FAQs on Epidural Blood Patch 

The epidural blood patch procedure is done following a spinal procedure when the patient has a headache related to cerebral spinal fluid leakage. The spinal headache can occur up to five days after certain procedures. There are many conditions where patients must have injections into the spinal columns. These include a diagnostic spinal tap, an epidural used during labor, a therapeutic spinal injection, and a lumbar puncture. Some patients experience a severe headache after the spinal procedure, and this headache will get worse with standing and better with lying down. The pain is related to a persistent slow lead of spinal fluid into the epidural space. The headache is harmful, but it can be quite debilitating. The treatment for this is an epidural blood patch.

Conservative management of a spinal headache involves adequate hydration to increase cerebral spinal fluid pressure. This is often accomplished with adequate intravenous hydration or by having the patient drink fluids with caffeine, such as soft drinks. The caffeine will increase cerebral spinal fluid pressure. Also, bed rest for 24 to 48 hours will help.

The Procedure

The epidural blood patch procedure is used when conservative measures fail. It is done by inserting a needle into the same space that the lumbar puncture was done or right next to this space. Blood from the patient is injected into this space to “patch” the leak. Relief of the headache is said to be immediate or shortly after the blood patch has congealed. Rarely, however, the epidural blood patch does not work for the patient, and a second patch is necessary. Success rates are 90% for the first patch, and 95% for the second one.

For the treatment of persistent headache and/or nausea that often follows a spinal puncture, the epidural blood patch procedure consists of a single injection of autologous blood. When the blood is introduced, it patches the hole in the outer membrane of the spinal cord, called the dura. This hole was initially created by the needle during the myelography.

The epidural blood patch procedure is usually done with the patient lying on his/her stomach. The blood pressure, heart rate, and oxygen levels are monitored during the procedure, and an x-ray technician and nurse will be in the room with the doctor. The skin at the injection site is cleansed with an antiseptic solution, and an IV catheter is placed in the vein. At a separate vein, the doctor draws 25 cc of blood to use to patch the area.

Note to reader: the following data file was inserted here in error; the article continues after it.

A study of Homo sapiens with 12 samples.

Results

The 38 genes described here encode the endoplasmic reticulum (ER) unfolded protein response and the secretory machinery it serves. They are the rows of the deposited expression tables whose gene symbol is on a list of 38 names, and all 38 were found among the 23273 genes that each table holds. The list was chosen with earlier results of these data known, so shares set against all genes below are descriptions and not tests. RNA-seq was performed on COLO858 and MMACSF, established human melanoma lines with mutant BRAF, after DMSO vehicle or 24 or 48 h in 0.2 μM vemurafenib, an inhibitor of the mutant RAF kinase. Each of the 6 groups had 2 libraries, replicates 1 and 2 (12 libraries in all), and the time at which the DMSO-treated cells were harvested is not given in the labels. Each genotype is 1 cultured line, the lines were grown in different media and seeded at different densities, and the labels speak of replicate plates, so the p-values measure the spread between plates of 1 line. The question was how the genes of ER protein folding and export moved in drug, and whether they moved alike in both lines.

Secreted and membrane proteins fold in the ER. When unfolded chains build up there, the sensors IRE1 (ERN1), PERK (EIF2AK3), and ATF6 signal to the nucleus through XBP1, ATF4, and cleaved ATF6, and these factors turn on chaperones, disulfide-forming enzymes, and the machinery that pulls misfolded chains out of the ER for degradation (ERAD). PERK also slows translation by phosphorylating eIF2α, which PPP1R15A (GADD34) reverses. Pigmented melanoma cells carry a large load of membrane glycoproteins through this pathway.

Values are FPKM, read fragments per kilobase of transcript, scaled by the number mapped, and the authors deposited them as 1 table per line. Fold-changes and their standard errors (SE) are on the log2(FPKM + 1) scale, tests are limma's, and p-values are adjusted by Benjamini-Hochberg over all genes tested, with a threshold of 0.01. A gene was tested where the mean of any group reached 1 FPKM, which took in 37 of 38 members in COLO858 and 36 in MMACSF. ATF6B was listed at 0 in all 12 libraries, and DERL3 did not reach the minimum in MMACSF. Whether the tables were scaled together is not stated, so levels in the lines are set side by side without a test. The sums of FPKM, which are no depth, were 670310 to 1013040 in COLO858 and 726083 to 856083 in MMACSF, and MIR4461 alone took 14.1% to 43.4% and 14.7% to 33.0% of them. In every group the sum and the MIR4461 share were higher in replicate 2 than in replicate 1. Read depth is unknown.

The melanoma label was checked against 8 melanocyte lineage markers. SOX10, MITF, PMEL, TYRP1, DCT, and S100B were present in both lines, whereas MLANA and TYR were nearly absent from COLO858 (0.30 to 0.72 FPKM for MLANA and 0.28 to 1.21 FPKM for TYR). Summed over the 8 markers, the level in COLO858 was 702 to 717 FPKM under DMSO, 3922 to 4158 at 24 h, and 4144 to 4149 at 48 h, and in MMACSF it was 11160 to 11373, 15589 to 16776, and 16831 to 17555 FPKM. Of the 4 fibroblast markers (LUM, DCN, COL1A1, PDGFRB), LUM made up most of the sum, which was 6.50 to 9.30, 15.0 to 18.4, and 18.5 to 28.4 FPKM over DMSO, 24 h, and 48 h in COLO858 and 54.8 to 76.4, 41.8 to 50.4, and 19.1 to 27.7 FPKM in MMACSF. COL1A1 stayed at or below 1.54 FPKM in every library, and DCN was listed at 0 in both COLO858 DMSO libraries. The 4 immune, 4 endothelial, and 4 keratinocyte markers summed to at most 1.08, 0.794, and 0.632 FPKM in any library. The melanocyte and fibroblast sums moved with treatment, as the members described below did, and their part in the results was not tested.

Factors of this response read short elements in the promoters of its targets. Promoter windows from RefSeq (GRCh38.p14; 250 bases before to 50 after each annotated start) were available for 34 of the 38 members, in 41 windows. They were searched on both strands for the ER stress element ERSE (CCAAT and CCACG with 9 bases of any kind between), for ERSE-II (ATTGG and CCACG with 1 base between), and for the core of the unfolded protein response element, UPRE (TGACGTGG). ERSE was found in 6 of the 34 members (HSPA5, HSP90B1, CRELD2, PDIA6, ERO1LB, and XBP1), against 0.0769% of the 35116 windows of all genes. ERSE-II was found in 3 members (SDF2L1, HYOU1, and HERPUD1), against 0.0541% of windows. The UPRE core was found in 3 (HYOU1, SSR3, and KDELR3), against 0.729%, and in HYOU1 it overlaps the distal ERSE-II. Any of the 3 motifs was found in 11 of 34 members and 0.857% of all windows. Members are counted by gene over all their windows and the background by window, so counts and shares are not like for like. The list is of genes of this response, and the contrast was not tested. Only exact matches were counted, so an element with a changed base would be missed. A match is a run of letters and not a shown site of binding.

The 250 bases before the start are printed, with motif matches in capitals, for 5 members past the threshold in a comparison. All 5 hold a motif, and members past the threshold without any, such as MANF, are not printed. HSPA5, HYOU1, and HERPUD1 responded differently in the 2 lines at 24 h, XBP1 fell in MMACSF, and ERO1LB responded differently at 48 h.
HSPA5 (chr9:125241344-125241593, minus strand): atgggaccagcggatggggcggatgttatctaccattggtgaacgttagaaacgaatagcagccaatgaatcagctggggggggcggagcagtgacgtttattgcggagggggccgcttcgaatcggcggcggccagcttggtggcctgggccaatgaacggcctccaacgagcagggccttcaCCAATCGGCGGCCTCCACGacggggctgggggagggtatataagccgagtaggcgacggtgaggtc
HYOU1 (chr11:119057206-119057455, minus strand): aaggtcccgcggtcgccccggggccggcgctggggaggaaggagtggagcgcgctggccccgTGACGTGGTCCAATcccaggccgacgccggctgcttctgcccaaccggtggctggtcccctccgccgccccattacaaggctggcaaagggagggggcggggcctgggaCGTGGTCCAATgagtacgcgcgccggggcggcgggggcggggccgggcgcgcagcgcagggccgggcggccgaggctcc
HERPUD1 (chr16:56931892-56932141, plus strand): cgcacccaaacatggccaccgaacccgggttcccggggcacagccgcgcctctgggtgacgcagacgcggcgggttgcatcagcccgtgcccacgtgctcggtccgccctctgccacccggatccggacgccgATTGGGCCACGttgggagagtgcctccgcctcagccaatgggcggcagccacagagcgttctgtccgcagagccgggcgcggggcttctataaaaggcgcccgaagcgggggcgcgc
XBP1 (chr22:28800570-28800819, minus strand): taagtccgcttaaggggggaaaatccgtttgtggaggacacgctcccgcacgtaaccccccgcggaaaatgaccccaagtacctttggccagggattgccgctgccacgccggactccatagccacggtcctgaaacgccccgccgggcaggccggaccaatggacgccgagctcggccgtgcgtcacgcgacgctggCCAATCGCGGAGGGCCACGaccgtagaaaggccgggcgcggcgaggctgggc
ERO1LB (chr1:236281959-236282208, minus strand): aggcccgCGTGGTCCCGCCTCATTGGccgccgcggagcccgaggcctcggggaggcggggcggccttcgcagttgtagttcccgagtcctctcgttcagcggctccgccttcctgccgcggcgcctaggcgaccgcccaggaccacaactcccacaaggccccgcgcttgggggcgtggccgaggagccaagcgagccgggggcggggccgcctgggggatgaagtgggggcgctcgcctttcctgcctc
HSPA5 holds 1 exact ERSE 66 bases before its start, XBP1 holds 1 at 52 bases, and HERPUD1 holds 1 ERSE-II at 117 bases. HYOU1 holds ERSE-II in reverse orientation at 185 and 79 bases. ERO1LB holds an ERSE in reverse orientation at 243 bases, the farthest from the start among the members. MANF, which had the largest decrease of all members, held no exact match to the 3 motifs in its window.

After the Procedure

After the blood patch procedure, you can expect to feel pressure at the injection site. This is where the blood is in the epidural space. Once you have rested for 30 minutes, the recovery room nurse will ask you to stand up. You should have immediate relief from the headache, and after a few hours, your body will be given the chance to replenish the lost spinal fluid. The headache will continue to get better after the procedure.

The doctor will advise you to take it easy a day or so after the epidural blood patch procedure. You should rest for the first day, but going to the bathroom is permitted. The surgical staff will discuss home care with you before you leave the medical center. You will not be able to return to work and usual activities for a couple of days.

Frequently Asked Questions

How long does an epidural blood patch take? The epidural blood patch takes a few minutes to perform. You should allow an hour and a half for this procedure, and this includes the time it takes for you to sign the consent form, be positioned, the doctor to perform the procedure, and for observation in the recovery area. A nurse stays with you for a short period of time to make sure you have no problems after this procedure.

Does the epidural blood patch hurt? The patch s done by injecting a small amount of local anesthetic through a small needle. You should expect to feel a little pinch sensation and slight burning. Once the skin is numbed, there procedure needle causes pressure at the site of injection. Many patients are given an oral sedative before the procedure to help.

Will I be put to sleep during the procedure? Not usually, but the choice is yours. Ask the doctor which option is best for you. You can have oral or IV sedation, which makes you comfortable. Be sure not to eat or drink anything six hours before the procedure, have a driver to take you home if you do receive sedation or anesthesia, and consult about after care with the doctor.

Resources

Madsen SA, Fomsgaard JS, & Jensen R (2011). Epidural blood patch for refractory low CSF pressure headache: a pilot study. Journal of Headache Pain, 12(4), 453-457.